NASHUA, Iowa - Folks packed Nashua City Hall Monday night to voice their opinions on whether or not Ernie Willsher should be reinstated as police chief after his demotion to officer earlier this month. He and his attorney, Sarah Reindl went to the council giving them an opportunity to change their mind.
“I would ask that this council reconsider this decision. Do the right thing, reinstate my client to the position of Chief of Police and resolve this amicably and appropriately within the guidelines and requirements of your own handbook,” says Reindl.
However, the city attorney says they are following those guidelines. He reads:
“The city council must be advised of all disciplinary actions and must give approval prior to suspension or termination, except in situations determined by the mayor to be an emergency in nature or with regard to the police chief.”
That didn’t appear to shake up Reindl. She says they have plenty of support for their case.
“It’s inconsistent, its inaccurate, it’s not truthful and it’s going to cost the city a lot of money,” says Reindl.
The council voted and it was unanimous, they are sticking by their Mayor’s decision. One council member gave us some background on the situation. He tells us Willsher was not fulfilling his job duties.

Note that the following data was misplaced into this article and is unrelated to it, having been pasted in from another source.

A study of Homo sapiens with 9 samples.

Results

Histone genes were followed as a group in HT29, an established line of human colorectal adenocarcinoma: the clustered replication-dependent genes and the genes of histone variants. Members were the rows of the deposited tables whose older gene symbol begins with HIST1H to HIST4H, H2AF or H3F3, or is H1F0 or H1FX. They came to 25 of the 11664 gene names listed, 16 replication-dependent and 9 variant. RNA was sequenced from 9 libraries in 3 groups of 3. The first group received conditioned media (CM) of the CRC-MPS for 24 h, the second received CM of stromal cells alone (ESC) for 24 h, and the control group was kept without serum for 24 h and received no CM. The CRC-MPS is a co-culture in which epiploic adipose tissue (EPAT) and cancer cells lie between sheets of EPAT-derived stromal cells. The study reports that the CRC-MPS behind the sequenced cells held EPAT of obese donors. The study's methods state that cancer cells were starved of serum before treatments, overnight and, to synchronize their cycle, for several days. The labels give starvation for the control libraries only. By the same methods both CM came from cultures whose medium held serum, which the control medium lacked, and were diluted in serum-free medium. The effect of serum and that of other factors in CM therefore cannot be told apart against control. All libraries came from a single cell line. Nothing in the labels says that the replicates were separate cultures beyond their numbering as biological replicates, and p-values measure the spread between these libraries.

“Because of people who have come to meetings, and say he’s not doing what they want him to do,” says Council Member Rick Crooks.
When Willsher took a medical leave, now Police Chief, Paul Becthold took over, and Mayor Lantow took notice.
“I’m telling you, and Mr. Willsher is going to testify, that the first words out of her mouth were, you’re not going to like what I’m about to tell you. Paul Becthold is being made Chief of Police. You’re being demoted because he did such a good job when you were laid up,” says Reindl.
In Willsher’s demotion letter, Mayor Lantow says he was also disrespectful towards her.
“My decision was due to my concerns regarding his verbal expressions and actions taken when I approached him with concerns about his work performance. I considered his responses to be unprofessional and disrespectful,” says Lantow.
Other folks will argue that Willsher did not deserve the demotion after 26 years of service. They think it’s unfair how this is being handled.
“After all the years of service, he did nothing wrong. A lot of the people here are still asking why,” says Nashua resident, Sandy Harrington.
Now, Reindl says it’s just the beginning of this battle for them as Willsher has a Civil Rights Complaint processing. She says they hope to sue the city for wrongful dismissal.